As with judo and kendo, aikido was originally practised by two participants with prior arrangement. Competitive aikido adds to this by including practice with rules to allow techniques to be used competitively with the free will of the participants. The format used today is with one person empty handed and the other person using a weapon (a sponge rubber knife). The knife ensures that players keep a distance that is better for aikido techniques.

The empty handed player scores points by throwing or pinning his opponent using applications and variations of the basic techniques for free practice. The person holding the sponge rubber knife scores points by valid stabs to prescribed areas of his opponent or by applying counter techniques after one of his arms has been grasped. In competitions the knife is exchanged after a fixed amount of time to ensure fairness and the winner is decided by the total number of points scored.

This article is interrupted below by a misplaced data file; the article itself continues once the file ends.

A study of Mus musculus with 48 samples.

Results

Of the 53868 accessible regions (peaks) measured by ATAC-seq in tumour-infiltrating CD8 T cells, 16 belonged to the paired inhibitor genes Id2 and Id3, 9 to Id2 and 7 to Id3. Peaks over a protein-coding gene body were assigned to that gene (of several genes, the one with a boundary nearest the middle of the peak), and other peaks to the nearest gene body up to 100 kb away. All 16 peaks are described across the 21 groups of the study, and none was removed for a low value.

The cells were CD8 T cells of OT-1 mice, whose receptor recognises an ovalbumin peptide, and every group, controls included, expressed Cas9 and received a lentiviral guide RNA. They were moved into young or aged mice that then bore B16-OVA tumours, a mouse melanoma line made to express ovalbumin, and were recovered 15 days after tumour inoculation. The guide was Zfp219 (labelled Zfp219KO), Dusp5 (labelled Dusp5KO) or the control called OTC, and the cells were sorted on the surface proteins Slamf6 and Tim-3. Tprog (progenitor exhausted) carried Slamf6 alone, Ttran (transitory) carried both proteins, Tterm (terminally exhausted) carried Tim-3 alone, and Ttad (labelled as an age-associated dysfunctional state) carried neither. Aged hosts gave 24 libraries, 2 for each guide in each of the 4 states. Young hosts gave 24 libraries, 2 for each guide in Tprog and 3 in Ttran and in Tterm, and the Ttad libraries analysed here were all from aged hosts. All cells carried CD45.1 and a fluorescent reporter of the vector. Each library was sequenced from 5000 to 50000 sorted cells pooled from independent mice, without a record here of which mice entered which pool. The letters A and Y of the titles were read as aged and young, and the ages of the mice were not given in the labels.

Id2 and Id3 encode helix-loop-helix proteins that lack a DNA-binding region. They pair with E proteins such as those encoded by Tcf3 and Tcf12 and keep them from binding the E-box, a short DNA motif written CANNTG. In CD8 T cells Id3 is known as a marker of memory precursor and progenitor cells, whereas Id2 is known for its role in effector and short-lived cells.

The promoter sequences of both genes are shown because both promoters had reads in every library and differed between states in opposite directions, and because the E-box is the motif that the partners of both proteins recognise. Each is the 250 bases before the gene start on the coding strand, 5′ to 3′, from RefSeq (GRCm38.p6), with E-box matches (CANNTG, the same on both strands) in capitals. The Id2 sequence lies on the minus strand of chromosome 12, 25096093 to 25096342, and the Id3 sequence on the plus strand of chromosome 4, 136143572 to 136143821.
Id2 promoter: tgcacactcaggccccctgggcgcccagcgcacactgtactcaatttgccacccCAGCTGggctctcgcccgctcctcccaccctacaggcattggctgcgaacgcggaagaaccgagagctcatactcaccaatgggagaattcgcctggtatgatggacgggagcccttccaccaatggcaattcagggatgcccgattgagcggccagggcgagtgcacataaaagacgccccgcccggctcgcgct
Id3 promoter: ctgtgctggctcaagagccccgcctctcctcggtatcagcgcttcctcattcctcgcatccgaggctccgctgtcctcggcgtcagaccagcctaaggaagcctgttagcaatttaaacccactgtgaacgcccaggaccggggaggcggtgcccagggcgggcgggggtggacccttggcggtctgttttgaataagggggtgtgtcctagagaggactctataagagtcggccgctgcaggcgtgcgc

As a place for testing techniques, competition allows us to learn the essential elements that we cannot acquire through prearranged practice such as timing and how to change techniques depending on an opponent’s reactions. It also prevents practice from becoming too formalistic and encourages an enquiring mind which is a shortcut to learning. Tomiki established aikido as a modern martial art via its transformation to include sport. By taking aikido competition as a place of education, its value increases through the cultivation of strong qualities such as determination and perseverance as well as fairness and courtesy.

It is important to realise the balance of 99% prearranged practice and 1% free practice. The two are inseparable and the practice system of competitive aikido is for the benefit of both.